It was one of the first calls I received, on the first business day back from the festivities of the new year. The person on the line was really fired up—eager to charge ahead. The topic, how to accelerate the momentum of our consulting rebranding in a year that — thanks to Omicron, the energy pricing crisis, ‘partygate,’ and I must sadly include the demise of Blackberry — could easily feel like an extension of last year’s slog of supply chain snarls, operations chaos and endless VCs.
Although many balance sheets ended 2021 on a high note, I was left wondering how those earnings may prove costly to some who have ‘chased the deal’ over living the brand ethos. To provide a relevant example, I am a huge Formula 1 fan, and the sport has just provided what is rightly regarded as one of the most thrilling race calendars in Formula 1’s history. 2022 is building up to be the most competitive yet with the introduction of new rules that promise to close the gap between racing teams. But the sport’s reputation, rather than being on a high, is in disrepair by questionable rule enforcement. The many brand positives of Formula 1’s innovations at the forefront of technology and engineering design, promoting social issues and sustainability, have been tarnished through ‘off the track administration’. Commentators around the globe are openly talking about what Formula 1 stands for – racing purity or television viewer excitement? I think it fair to say that this represents a significant brand challenge that is perilous to ignore, as many die-hard fans demand to see decisive change so they can trust the integrity of those driving the sport. Here in the UK we have clear sight of how actions considered individually and not in the brand spirit of those being served can have catastrophic implications, with the ‘bring your own’ fallout at No.10.
I have read numerous articles touting 2022 as the year of reinvention. If the above examples teach us anything, all transformation agendas must be for the enhancement and application of your brand values, i.e. your reputation and ethics, relentlessly pursued at all levels. Brand experience management is an organisation-wide effort. Everyone from IT to operations to marketing is responsible. Otherwise trust carefully built over years can be admonished for short-sighted goals. Since the pandemic isn’t going away anytime soon, brand relationships have never been more important given work relationships have atrophied, as familiar stronghold events and forums we used to connect have disappeared. How best to refresh those industry networks and work relationships now?
Sounds simple, even basic—but it’s harder than we think. Therefore, before we do anything else, we must look inward before we look outward. At Definia we resolved to look at our values, motivations, strengths, and blind spots. Having the honesty to be self-aware! By knowing ourselves, we can manage ourselves first, so we can positively impact others. This is certainly what matters as we look to create our value proposition and determine what we want to ‘become famous for.’
Now that we are in the position to improve ourselves, our job and what our clients want from us is then to help them improve. One of our four core values is ‘culture of independence.’ This represents a simple belief and value proposition that our success must be measured in what we help our clients achieve and continue to achieve through our legacy. After all, no service provider is a solo performer with value intended only for the few.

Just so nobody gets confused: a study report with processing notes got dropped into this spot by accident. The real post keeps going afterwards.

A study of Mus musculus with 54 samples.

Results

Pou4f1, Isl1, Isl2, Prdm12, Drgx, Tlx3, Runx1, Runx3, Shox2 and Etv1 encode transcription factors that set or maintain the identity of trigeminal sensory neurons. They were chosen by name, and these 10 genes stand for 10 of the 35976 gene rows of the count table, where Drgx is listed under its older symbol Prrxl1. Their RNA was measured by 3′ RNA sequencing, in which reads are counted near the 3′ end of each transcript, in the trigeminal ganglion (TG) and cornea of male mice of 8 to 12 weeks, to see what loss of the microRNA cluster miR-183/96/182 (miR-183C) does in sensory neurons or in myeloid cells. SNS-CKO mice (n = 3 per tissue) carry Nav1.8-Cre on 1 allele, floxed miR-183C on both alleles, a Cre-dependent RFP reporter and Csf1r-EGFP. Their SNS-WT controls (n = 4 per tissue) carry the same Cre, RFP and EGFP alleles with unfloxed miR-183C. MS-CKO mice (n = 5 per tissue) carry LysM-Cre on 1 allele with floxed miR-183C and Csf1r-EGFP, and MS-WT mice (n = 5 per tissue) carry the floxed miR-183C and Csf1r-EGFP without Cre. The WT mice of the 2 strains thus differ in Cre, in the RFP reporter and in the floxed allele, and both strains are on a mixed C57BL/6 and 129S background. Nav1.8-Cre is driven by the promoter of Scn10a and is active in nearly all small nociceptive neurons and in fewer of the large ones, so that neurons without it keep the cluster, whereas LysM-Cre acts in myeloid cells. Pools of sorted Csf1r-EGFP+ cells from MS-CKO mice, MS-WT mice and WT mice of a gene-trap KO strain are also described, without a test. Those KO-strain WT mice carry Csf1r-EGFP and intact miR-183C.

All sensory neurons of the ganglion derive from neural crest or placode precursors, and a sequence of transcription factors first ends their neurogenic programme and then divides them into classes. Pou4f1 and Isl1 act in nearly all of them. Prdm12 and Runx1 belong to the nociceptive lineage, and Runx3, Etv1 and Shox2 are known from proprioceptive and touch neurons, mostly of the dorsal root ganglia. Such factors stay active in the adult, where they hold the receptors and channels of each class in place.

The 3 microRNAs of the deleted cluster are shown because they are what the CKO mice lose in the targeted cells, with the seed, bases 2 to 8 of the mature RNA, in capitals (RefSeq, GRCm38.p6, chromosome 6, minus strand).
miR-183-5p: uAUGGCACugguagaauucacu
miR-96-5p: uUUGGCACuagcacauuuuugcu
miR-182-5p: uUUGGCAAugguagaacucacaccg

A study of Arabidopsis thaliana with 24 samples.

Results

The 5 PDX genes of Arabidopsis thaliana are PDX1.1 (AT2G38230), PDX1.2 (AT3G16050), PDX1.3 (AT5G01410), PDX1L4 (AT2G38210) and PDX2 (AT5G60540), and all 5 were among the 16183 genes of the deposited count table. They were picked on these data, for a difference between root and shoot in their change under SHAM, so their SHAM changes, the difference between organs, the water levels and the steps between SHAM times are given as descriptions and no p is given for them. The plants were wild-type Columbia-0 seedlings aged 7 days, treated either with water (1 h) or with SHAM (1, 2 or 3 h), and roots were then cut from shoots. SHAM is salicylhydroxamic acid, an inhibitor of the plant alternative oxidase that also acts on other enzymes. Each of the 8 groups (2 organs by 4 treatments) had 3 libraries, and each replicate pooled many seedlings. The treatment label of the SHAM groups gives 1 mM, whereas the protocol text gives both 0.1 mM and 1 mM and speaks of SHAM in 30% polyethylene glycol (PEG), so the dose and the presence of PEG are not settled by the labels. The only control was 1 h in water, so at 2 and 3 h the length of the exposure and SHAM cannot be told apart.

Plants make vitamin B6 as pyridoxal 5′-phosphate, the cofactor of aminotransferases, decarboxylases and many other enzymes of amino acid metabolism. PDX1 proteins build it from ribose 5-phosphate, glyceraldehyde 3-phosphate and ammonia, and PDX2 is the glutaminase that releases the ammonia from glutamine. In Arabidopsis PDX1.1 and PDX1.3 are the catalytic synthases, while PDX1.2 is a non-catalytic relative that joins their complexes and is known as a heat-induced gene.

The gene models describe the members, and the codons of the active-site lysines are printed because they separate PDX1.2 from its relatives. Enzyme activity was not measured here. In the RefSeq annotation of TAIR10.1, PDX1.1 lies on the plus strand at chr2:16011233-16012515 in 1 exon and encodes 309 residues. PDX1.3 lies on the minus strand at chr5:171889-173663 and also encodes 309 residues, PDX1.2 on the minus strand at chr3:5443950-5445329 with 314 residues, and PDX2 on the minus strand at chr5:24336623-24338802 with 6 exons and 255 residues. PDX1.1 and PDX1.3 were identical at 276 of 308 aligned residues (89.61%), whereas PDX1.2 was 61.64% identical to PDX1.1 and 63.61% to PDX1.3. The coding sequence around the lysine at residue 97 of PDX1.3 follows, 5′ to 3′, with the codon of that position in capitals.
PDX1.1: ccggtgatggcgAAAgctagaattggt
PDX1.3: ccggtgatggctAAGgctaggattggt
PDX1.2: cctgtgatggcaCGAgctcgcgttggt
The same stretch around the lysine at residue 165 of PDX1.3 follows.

Improving brand awareness continues to be one of the top five marketing priorities for the next 12 months (Forbes 2021). While brand management has been a longstanding practice for organisations, it has become a stale and ineffective process. Ultimately, think purpose and brand first. Strategy is next to useless without execution—and 90% of execution is people, and people personify your brand. It’s the mentality of commoditising some of the basics and gaining clarity on what differentiates you, using experience data to ensure you are living and sharing this brand philosophy. More importantly, to be well-equipped to act on what prospects are saying they want now, and next, otherwise when we look behind nobody will be there.
The COVID era has revealed an enduring truth: it’s people—colleagues and teams, managers and leaders— who discover and disrupt, innovate and create. 2022 is our time of change. Indeed, the change we want to see in others starts with us. If our client conversations at the start of 2022 are a measure of things to come, the current crisis is a common motivator for organisations to refocus and expand their brand experience and behaviours within their product development processes. Ultimately, we are about inspiring others to believe and grow. But if we don’t believe it ourselves, why should anybody else?
Brands are at an inflection point. Today, consumers and employees have more options than ever before, and the cost of switching has never been lower. For any business grappling with the question of how to reinvent in 2022, investigating the benefits of strengthening your brand is a great place to start, and many businesses are speaking to us about protecting and living their brand and the enabling technology and insights required as part of their sustainable transformation journey. If you’d like any more advice or want to know more about extracting insights from experience data to thrive, please contact us.